So Mark Boulton decided to release his book, A Practical Guide to Designing for the Web, online and without cost. It’s not the only web design book available for free on the web, which this list and a previous encounter with two other online books prove, but all of them make me wonder, again, about the electronic book format.
In the examples above, said “books” don’t adapt official e-book formats, but stick with plain old semantic HTML and PDFs. Joe Clark, in an A List Apart article, explains that both standard and proprietary e-book formats are just more specialized versions of HTML/XHTML, so is there anything gravely wrong with creating webpages instead of actual e-book files?
As one who knows her way around HTML, taking an extra step into e-books (e.g. ePub) feels clunky and unnecessary. However, that is hasty judgment without first considering factors like audience. For web design books, perhaps it makes more sense to not bother with anything else and keep them as webpages because web designers work on sites all day long. That’s not to say they wouldn’t enjoy reading web design books in their e-book readers, but they may mind less having a book in one tab alongside other web design resources in other tabs.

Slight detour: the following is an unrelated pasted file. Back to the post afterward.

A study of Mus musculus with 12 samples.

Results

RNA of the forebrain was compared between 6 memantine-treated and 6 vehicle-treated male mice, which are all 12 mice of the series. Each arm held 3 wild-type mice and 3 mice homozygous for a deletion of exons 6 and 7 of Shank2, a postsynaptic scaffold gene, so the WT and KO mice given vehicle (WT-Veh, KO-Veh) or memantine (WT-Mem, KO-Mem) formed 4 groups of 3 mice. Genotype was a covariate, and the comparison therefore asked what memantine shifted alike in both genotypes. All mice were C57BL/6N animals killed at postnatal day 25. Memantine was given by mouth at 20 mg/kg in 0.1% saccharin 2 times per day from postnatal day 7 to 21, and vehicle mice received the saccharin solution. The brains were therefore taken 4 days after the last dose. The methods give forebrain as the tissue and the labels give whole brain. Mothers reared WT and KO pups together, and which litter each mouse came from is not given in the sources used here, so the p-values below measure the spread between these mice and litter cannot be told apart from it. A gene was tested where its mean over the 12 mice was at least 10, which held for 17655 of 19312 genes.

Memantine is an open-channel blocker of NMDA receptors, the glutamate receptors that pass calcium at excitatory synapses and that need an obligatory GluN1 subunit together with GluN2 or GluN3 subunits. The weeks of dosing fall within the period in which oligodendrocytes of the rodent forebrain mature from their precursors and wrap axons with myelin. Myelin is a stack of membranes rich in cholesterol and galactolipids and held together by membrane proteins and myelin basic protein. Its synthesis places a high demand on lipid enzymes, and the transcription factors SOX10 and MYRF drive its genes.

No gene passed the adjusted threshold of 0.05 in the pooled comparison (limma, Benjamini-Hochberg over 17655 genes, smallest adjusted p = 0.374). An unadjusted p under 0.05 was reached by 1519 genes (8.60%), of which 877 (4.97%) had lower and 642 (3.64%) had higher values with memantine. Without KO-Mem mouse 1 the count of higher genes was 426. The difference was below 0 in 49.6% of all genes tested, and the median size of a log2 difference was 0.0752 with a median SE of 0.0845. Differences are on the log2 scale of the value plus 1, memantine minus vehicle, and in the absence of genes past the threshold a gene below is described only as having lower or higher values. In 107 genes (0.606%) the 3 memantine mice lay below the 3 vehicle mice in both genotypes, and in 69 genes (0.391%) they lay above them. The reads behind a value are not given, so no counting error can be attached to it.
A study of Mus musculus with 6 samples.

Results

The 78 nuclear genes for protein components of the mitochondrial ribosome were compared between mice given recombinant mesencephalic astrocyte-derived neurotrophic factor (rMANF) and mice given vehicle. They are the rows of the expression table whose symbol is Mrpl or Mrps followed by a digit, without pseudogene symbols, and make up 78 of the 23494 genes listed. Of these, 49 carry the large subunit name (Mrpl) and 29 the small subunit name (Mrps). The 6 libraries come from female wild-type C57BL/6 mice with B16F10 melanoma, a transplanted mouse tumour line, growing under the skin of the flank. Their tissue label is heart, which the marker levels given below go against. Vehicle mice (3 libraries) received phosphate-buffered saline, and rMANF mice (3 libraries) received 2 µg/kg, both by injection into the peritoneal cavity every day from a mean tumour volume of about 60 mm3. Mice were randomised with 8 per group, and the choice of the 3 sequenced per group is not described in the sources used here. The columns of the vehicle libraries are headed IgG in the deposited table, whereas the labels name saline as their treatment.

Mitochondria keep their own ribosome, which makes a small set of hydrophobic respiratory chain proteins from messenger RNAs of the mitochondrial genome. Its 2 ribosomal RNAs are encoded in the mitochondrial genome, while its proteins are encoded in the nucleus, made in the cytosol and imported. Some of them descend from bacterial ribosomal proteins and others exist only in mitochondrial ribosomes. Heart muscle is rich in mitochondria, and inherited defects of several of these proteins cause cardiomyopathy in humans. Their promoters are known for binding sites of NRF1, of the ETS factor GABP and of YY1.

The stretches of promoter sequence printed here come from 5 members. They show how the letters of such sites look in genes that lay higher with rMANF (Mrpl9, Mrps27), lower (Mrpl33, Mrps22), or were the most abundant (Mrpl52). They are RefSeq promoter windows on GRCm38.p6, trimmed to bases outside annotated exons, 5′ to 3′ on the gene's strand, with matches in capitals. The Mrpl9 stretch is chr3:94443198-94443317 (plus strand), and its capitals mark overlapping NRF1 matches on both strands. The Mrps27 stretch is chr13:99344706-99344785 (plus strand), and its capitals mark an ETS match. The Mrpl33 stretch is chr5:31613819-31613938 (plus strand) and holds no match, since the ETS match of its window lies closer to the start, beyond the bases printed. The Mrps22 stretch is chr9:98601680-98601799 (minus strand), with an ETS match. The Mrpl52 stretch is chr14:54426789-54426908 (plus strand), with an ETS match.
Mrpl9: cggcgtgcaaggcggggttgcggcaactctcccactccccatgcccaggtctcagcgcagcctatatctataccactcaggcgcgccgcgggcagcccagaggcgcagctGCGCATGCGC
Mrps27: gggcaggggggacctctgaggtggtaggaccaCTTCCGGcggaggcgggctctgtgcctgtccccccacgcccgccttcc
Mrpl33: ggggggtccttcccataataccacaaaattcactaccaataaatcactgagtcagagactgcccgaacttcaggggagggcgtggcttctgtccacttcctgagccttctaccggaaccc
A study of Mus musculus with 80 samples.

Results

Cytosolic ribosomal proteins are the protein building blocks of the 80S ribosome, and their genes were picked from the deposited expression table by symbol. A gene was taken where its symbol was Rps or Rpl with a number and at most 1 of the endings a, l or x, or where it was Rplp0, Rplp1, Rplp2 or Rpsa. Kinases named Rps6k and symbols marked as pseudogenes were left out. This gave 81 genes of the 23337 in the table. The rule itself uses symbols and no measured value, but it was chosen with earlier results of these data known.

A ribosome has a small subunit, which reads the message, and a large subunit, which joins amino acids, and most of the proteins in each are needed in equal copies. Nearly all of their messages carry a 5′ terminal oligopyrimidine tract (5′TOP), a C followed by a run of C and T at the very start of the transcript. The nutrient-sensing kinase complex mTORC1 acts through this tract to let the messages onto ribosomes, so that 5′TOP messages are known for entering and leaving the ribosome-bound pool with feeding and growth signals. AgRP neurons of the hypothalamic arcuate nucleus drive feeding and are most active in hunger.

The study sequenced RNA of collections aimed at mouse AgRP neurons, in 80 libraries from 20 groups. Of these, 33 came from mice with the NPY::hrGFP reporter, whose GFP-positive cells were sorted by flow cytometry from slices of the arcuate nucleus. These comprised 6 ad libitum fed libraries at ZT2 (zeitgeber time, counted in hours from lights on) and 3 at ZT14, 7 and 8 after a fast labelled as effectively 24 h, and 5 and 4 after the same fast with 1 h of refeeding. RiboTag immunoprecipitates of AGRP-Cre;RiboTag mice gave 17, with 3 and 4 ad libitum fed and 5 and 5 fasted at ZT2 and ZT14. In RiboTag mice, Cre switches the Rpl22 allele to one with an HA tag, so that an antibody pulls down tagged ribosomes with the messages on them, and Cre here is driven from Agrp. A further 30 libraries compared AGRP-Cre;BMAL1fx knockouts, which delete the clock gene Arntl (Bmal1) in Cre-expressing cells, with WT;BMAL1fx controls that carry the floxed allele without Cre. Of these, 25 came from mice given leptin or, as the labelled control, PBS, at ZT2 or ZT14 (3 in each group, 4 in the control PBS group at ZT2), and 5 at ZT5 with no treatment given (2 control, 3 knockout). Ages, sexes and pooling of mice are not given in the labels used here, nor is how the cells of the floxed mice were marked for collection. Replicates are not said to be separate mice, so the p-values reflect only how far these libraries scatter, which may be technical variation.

Using proper formats also seems like a natural extension of web standards philosophy. If one were to publish a book online, why not go for the suitable format? There are scripts, extensions, and converters available. And with the ePub Zen Garden following in the steps of the CSS one, it may become the next worthy cause to root for.